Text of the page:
Friday, December 11, 2009

Techno_Boundaries in the Global World

For the past thousand years, humans have struggled to maintain the spatial boundaries we have created between each other. These imaginary lines have been something worth killing and dying over for so long that comprehending their arbitrariness is unimaginable. What would a world look like without lines?

Some see technology and the Internet as destabilizing or eventually eliminating human-constructed, geospatial boundaries. When we can live in cyberspace without State boarders or international jurisdictions, a PhD student from UMass notes, who becomes "We the People?"

But what about the spatial boundaries that humans embed into the technologies themselves?

This clip is from an early Russian WWII film that a Professor wanted to play for her film studies course. We needed to create an elaborate work-around for her because the DVD was formatted in PAL, which won't play on American NTSC DVD players. The result of viewing the European footage in American standards eerily illustrates the disconnect between free-flowing information and man-made boundaries:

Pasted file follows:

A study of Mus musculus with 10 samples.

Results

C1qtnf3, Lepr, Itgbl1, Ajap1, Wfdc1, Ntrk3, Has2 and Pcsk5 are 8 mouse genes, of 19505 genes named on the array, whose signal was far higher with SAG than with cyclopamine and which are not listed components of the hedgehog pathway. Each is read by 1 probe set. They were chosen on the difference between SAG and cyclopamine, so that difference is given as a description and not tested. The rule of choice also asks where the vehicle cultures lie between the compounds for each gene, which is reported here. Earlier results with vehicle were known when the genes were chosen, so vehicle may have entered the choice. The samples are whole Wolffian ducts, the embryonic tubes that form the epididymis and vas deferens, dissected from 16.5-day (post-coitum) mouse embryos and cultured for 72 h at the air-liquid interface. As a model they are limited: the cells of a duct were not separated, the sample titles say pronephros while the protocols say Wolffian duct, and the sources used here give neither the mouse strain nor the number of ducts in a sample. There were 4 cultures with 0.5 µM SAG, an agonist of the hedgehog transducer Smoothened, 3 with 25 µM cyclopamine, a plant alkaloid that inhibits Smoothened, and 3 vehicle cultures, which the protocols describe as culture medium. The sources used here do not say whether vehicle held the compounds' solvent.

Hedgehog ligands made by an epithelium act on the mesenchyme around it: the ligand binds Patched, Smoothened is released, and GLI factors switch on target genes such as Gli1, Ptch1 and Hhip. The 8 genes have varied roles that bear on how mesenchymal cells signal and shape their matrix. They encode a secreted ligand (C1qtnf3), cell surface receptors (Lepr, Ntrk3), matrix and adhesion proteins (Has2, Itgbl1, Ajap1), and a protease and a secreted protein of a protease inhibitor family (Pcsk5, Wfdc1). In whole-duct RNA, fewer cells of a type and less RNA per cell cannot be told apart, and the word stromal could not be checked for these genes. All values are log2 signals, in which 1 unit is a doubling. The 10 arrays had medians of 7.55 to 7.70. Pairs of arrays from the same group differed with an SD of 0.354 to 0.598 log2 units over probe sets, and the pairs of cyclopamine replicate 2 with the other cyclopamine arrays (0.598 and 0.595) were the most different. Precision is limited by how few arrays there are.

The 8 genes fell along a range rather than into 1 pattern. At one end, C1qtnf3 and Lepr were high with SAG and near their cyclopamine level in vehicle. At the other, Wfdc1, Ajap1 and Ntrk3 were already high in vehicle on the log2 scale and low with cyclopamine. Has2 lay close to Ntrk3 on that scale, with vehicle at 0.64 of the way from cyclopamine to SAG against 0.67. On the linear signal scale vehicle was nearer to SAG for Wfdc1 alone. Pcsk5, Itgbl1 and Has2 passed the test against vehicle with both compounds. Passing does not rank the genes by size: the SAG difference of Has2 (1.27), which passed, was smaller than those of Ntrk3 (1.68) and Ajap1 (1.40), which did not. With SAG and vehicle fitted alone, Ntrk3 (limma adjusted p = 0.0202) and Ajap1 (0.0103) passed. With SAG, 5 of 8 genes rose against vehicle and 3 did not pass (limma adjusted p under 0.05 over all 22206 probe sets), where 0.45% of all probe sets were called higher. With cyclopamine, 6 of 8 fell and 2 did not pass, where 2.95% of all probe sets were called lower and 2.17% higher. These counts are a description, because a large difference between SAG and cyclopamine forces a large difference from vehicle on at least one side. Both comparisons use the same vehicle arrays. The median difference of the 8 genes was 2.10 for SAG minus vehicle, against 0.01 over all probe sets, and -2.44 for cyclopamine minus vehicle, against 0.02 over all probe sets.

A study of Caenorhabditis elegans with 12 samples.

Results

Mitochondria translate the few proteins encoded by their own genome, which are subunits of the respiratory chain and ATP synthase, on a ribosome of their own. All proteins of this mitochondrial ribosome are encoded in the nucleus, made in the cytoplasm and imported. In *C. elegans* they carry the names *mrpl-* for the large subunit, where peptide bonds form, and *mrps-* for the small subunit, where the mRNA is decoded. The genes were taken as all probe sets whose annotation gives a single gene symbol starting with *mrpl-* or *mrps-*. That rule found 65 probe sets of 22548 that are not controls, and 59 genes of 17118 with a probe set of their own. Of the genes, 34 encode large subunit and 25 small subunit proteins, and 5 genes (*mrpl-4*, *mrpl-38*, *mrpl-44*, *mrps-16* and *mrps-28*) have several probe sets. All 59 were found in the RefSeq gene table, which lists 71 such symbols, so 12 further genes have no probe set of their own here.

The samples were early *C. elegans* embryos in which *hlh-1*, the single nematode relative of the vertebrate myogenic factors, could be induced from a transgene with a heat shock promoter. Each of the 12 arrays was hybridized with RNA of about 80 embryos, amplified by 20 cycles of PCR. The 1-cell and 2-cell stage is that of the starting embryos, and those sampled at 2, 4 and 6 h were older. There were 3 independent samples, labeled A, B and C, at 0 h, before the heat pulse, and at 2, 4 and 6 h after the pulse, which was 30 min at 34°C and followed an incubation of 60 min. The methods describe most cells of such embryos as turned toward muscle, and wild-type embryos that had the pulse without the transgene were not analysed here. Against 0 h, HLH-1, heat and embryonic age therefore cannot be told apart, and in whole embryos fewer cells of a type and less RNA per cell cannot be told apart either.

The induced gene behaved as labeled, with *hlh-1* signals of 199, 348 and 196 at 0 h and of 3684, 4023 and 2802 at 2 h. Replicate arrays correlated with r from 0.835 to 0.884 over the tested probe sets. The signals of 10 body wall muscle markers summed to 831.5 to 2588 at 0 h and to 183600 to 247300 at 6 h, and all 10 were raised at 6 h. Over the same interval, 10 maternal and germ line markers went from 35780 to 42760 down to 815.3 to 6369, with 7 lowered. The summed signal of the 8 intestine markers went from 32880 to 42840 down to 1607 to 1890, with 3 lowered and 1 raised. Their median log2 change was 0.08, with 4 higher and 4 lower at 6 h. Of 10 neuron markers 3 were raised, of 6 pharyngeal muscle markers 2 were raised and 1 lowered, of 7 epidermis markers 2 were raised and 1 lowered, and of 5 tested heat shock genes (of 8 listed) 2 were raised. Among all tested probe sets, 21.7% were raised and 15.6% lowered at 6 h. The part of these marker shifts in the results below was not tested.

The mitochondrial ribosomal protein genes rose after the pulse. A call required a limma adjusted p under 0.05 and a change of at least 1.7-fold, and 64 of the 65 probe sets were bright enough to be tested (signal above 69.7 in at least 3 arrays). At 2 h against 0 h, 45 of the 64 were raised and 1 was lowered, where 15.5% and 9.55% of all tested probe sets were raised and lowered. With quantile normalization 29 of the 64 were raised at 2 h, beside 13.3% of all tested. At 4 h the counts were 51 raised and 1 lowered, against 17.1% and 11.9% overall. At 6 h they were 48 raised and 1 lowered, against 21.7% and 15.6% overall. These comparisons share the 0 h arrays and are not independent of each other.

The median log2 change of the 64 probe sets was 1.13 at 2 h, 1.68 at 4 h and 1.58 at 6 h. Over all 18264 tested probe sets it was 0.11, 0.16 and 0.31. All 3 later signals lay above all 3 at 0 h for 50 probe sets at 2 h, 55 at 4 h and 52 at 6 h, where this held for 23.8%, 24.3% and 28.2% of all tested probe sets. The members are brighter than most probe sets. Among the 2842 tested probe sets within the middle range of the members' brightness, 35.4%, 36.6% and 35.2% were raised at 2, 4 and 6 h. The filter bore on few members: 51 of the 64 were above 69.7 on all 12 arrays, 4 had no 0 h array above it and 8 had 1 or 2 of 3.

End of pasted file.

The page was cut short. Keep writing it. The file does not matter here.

Between the grey pixels and rhythmic audio misfiring are the shadows of doomed Jews and German SS guards filmed long before the US even wanted to discuss the existence of concentration camps. Yet these stories, preserved now on DVD, are shrouded by format conversion, a new language boundary, a new spatial limit, for the digital age.

While created to protect Hollywood's marketing and international release infrastructure, is there a larger cultural significance here? That when we try to "play back" international ideas, they are horridly distorted? That we require complex hardware/software to crack international copy-protection and convert footage to the "American" way? That in doing so, we are breaking American copyright laws and exposing ourselves to litigation?

I'll get more information about these clips next week and post them here. The footage is truly shocking.

UPDATE: This footage is actually from a rare dub of "The Unvanquished" (AKA "The Unconquered," AKA "Nepokoryonnye") directed by Marc Donskoy in 1945 starring Venyamin Zuskin. I can't find too much information about it online, but apparently, according to Umass Amherst professor Olga Gershenson, it was one of the first films to explicitly illustrate the Holocaust within the Soviet Union.